Union Memorial to run Homewood program as trial

May 21, 1991|By Blair S. Walker

The state has given Union Memorial Hospital a six-month trial period to run a community psychiatric program taken over from financially troubled Homewood Hospital, a neighboring facility going out of business.

If the experiment goes well, Union Memorial will be able to assume control of the 35-bed program permanently, according to John Colmers, executive director of the Health Services Cost Review Commission. His agency approved the temporary takeover earlier this month.

Homewood lost nearly $3.7 million in 1990 due to changing patient needs and low occupancy rates, and is winding down its operations. Strong competition from rivals, including Union Memorial, also contributed significantly to Homewood's problems.

Run by the Johns Hopkins Health System, Homewood was divided into two entities -- Homewood Hospital Center-South, formerly North Charles General Hospital, and Homewood Hospital Center-North, formerly Wyman Park Hospital.

Union Memorial is located at 201 E. University Parkway, three blocks from Homewood North and the psychiatric unit. Union Memorial now finds itself in the unusual position of running a psychiatric unit located on the site of its vanquished competitor.

"It's not often that you have situations like this to begin with," said Taylor J. Watkins, vice president and chief financial officer at 350-bed Union Memorial. "The logistics of it, the management of it is very, very difficult. Providing service to an off-site location is always a challenge -- I don't care what business you're in.

"We're still in the early business planning stages of all of this," Mr. Watkins said. "In any type of situation, in anything we do we try to put together comprehensive business plans. This is a very unique situation, and that's why it's extremely important we take the next six months to properly evaluate all of the aspects of the transfer."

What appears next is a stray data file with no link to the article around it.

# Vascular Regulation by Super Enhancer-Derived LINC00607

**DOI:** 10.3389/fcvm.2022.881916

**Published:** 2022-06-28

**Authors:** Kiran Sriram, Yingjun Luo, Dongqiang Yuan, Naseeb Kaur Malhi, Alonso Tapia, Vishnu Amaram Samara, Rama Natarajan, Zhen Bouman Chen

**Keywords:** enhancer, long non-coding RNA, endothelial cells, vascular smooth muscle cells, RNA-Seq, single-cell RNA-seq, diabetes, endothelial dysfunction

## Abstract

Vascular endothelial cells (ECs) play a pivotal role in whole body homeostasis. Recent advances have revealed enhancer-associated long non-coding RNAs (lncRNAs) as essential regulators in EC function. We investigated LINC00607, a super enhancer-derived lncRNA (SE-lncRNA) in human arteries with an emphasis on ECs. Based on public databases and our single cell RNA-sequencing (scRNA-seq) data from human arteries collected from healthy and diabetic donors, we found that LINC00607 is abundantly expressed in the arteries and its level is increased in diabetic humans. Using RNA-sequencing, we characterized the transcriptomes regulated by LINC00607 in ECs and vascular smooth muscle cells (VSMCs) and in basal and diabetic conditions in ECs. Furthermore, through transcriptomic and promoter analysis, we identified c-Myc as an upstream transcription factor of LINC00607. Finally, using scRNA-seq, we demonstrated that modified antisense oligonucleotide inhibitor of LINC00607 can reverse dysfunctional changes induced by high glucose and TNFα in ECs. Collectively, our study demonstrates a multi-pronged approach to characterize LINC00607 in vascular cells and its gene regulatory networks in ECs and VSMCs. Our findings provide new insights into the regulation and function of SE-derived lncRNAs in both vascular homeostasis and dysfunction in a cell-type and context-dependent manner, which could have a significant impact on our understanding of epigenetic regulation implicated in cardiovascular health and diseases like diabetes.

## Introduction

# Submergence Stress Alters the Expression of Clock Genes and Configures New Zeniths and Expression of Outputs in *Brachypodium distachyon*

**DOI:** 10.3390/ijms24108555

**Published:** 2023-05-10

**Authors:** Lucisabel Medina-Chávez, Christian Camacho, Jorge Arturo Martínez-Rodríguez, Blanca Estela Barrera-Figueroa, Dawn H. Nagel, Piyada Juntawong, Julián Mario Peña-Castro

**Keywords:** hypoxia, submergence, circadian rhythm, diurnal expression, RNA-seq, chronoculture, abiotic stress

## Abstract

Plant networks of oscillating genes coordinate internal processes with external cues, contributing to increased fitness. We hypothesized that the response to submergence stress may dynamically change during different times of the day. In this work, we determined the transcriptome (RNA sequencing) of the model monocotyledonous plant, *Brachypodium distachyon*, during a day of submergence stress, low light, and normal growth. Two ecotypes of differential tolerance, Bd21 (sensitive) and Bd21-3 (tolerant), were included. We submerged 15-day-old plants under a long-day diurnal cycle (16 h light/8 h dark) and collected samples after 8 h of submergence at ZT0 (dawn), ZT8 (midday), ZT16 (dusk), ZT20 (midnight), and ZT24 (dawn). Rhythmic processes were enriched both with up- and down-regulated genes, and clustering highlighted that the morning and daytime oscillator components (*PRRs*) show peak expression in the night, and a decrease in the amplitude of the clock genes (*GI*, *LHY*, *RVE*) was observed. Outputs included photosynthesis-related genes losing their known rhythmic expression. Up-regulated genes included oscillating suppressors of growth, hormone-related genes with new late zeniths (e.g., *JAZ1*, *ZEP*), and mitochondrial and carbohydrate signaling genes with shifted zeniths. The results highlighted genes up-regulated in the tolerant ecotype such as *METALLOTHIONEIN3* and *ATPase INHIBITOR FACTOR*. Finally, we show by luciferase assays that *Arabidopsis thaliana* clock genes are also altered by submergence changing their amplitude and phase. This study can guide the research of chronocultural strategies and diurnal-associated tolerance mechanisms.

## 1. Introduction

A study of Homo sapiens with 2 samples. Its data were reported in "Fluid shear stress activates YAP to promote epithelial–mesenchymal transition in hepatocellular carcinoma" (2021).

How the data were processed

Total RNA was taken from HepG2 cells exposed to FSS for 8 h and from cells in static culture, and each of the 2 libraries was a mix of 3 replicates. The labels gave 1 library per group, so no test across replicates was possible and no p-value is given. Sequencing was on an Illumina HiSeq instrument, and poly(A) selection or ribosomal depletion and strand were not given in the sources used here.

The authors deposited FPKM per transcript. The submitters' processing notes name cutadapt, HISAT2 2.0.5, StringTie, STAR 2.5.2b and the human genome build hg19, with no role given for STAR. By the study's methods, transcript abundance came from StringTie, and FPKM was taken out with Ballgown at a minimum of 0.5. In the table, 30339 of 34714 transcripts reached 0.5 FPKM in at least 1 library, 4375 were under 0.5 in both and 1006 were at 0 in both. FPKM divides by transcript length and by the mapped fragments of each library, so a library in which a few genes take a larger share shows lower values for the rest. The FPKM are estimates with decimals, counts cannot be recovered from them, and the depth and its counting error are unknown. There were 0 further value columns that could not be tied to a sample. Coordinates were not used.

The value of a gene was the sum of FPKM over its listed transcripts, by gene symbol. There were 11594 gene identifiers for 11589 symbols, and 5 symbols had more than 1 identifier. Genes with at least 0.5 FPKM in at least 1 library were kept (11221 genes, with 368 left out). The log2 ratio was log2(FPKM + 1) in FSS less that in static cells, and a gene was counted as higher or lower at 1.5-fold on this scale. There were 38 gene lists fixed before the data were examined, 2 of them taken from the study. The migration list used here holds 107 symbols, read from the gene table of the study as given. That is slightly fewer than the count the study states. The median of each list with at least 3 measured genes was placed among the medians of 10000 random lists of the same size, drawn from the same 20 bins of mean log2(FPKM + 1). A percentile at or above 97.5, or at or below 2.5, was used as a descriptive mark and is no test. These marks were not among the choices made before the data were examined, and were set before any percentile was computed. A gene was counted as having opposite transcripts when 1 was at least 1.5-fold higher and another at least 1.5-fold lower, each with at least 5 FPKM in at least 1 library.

Should Union Memorial's trial period end successfully in November, it would then be allowed to transfer the psychiatric unit to its own facilities, said Mr. Colmers, whose state agency sets rates for 62 hospitals in Maryland. In the meantime, rates charged at the psychiatric unit remain unchanged, he added.

In addition to its involvement with Homewood, Union Memorial is in the midst of an extensive expansion program. It recently received a $42 million revenue bond issue to fund new physicians' offices, a nursing school and a day-care center.

Meanwhile, the cost review commission has granted final approval to a plan to alleviate Homewood's $7.8 million bond debt. Admission costs at each of the 62 hospitals under the commission have gone up an average of $5, Mr. Colmers said. He said the bond debt should be paid off within a year to three years.